Us gamers must really love abusive relationships, eh? Where we get the short end of the stick and watch our money fly down holes while rich douche bags run off to the hills happy to have screwed us over, taken our money and shutdown servers for a game you can no longer play. We must really enjoy that kind of stuff. Why? Because Diablo III is happening all over again with a little indie game called Miner Wars 2081. No it's not an MMO, it's a single-player game with co-op and multiplayer options, just like every other game out there, but the devs thought always-on DRM was a great way to one-up and piss on their community.

For those who didn't know, Miner Wars 2081 has been in development for over two years and managed to get greenlit via Steam's Greenlight process. It's a small title with huge gameplay ambitions from Keen Software House.

Basically, the always-on DRM came to a head when users began asking about it when either they weren't online or they weren't able to access the game due to a spotty connection. When asked about the always-on DRM, here's what CEO and creative director Marek Rosa had to say about the decision to make the game always-on, replying to a user named “ActiveCancer” on the forums...
Hi ActiveCancer,

you will need to be connected to internet (our server) during whole gameplay. Miner War's client on your computer will not only check if it's connected, but it will let server do some calculations and logic. And here is the real copy protection. Because if the client just checks "Am I connected to MW server", then it will be easy for crackers to disable this validation. But if we have some code that isn't on the client, no one can crack it. Only if he know exactly what that server-side code does.

I think this is the only real copy protection. Of course, we lost some players who don't have internet or who want to play in a forest, but according to some stats, that's only 1-2% of possible players.

Bye, Marek

The Steam page for Miner Wars has also recently been updated with an “Additional requirement”, noting that...
”Active internet connection required during installation and during game play!”

I love the exclamation mark at the end, like it's supposed to make us excited that if the dev ever folds or if you're out of a net connection you can't access the single-player portion of the game. Real classy.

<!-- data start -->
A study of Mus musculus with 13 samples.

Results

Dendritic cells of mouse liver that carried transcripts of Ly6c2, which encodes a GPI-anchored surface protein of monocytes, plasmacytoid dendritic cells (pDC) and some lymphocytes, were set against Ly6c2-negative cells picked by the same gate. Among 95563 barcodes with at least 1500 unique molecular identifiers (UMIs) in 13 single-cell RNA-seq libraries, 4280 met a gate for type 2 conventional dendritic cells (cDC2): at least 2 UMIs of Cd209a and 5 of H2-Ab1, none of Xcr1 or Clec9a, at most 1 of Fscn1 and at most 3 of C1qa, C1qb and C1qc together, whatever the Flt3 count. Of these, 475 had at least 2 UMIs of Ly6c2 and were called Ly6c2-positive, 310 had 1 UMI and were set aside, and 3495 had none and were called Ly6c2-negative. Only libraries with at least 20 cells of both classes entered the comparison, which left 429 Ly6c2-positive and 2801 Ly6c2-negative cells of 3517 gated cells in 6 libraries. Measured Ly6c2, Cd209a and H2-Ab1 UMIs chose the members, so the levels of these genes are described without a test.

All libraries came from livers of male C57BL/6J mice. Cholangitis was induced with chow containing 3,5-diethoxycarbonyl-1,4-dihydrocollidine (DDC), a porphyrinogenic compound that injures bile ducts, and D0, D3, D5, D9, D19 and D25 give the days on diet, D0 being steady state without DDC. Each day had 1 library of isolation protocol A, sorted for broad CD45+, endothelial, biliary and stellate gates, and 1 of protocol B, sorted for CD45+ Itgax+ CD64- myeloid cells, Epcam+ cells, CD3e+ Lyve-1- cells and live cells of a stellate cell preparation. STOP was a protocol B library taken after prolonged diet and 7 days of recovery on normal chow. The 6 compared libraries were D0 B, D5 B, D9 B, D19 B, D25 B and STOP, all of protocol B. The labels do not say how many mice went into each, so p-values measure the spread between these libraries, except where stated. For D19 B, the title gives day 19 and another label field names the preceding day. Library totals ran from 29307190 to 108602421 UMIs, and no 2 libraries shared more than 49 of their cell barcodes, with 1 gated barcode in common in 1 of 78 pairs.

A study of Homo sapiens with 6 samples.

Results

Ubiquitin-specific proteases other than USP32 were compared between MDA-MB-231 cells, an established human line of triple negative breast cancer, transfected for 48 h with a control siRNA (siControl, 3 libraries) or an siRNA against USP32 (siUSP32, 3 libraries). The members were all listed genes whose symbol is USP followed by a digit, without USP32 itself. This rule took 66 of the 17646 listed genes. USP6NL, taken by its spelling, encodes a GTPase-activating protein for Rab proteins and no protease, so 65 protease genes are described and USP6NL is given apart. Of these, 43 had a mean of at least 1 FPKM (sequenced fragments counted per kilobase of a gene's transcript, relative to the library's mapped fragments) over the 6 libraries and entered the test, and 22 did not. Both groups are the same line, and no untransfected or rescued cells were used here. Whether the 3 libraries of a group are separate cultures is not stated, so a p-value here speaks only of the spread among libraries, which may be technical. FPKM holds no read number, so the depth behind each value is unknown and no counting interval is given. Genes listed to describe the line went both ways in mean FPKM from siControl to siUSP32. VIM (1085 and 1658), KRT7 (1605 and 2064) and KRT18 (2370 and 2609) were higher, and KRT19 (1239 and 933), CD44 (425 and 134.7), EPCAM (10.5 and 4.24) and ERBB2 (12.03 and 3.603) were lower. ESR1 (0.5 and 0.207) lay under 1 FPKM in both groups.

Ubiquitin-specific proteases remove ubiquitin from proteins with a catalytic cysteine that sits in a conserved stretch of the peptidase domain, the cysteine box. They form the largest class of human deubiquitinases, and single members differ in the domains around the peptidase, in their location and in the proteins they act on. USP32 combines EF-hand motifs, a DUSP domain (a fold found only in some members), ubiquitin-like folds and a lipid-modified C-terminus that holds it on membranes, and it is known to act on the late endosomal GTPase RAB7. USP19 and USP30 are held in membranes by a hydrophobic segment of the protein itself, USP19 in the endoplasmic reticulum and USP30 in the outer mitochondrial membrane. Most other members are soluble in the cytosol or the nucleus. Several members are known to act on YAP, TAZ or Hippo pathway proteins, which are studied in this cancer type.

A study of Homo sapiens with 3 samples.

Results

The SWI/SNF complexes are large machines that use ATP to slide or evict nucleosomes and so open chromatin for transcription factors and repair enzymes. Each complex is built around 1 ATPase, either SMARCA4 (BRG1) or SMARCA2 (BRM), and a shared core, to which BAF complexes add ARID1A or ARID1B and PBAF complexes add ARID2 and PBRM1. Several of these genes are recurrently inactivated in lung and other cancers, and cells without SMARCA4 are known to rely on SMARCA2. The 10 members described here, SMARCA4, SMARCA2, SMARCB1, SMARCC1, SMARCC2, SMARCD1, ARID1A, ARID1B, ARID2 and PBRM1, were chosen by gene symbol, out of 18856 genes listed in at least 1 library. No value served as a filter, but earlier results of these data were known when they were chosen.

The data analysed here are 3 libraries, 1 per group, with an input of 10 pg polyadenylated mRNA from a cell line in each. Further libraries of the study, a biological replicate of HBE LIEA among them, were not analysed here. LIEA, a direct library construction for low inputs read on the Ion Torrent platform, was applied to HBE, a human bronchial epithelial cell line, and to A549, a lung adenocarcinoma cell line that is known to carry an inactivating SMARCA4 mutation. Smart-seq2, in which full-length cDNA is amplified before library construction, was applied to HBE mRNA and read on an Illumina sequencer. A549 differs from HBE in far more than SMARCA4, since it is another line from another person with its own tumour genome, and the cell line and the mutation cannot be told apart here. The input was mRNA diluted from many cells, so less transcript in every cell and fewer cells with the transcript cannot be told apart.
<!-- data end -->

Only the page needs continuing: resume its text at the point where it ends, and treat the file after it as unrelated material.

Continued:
We've seen this thing before, though. We've heard that always-on DRM prevents hackers, crackers and cheaters in online games. It makes sense for's always made sense for MMOs. But the thing that always twists my Jimmies and squeezes my squimmies is when games with single-player campaigns have always-on DRM. Why?!

White Knight fanboys don't mind. They're having fun for now. But what happens if the devs decide to pull a Terreria and upchuck on the project? You do know that no more servers means no more game....for good, right? Diablo III is in the same boat. It's not a matter of “If” but “When”. And “When” those servers go down, games with always-on DRM will no longer be all!

I'll never support always-on DRM because it's counter-culture to gaming. It's anti-gaming culture. It's about control, not about fun. I understand that the standalone of DayZ will have similar measures but it's being designed as an MMO, so it makes sense. But this uprising of always-on DRM in games we used to be able to play at our own convenience is frightening for the future of gaming. We already know Tim Willits from id Software is eying always-on for their upcoming titles and we already know that SimCity [2013] from EA and Maxis will have always-on. What I didn't expect is to see this kind of corporate cancer invade the indie space.

Anyway, how do you feel about always-on? We hear it's supposed to help against pirates and hackers, even though PC gaming is seeing record revenue thanks to digital distribution, but would you be willing erase a game's historical value just to stop a few pirates in the short term?